A PR Fuel reader writes: “With the CAN-SPAM Act in place, does a massive press release email blast to the media constitute spam? How does the media feel about receiving unsolicited, email-based press releases, even if they may contain their next story?
Answer: Good question. After reading the actual law — http://www.spamlaws.com/federal/can-spam.shtml — it does not appear that a press release would constitute a “commercial” solicitation as outlined by CAN-SPAM. To protect yourself however, public relations reps should include all relevant contact information and an option to “opt-out” of future mailings in the body of any future press release email blast.
Regarding unsolicited email sent to the media, there’s not much we can do about it. I get about one hundred press releases each day from various sources and I’ve probably opted to receive less than a dozen of them. If a journalist asks you to remove them from a list, you should do so immediately. I would include the words “press release” somewhere in your e-mail’s subject line. I have “rules” set-up in my email program where anything with the words “press release” go into a special folder. And I do actually go through this folder each day.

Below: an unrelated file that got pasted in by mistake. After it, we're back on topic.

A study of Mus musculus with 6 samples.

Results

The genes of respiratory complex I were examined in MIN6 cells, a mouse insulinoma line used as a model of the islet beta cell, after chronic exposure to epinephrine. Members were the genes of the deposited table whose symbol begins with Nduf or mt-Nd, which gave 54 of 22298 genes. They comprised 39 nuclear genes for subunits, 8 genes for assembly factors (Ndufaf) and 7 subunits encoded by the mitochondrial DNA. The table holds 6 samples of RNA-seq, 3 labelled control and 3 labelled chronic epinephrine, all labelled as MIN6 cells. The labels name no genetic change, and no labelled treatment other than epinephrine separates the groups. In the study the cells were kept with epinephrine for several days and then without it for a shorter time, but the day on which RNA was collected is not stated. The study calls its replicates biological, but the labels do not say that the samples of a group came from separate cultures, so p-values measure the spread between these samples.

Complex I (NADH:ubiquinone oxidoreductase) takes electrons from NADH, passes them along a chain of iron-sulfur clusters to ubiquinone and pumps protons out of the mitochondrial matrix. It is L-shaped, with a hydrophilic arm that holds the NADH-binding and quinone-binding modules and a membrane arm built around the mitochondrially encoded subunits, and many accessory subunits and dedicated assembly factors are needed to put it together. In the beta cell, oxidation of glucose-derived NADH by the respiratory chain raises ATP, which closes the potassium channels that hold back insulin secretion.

As always, the clearer and more targeted your email press release, the better results you’ll get.
Also, you may want to try a service like eReleases press release distribution, which sends press releases only to subscribing journalists. It keeps you safe and ensures you won’t alienate your company or its message with key journalists.
This article, written by Ben Silverman, originally appeared in PR Fuel (http://www.ereleases.com/prfuel), a free weekly newsletter from eReleases (http://www.ereleases.com), the online leader in affordable press release distribution. To subscribe to PR Fuel, visit: http://www.ereleases.com/prfuel/subscribe/.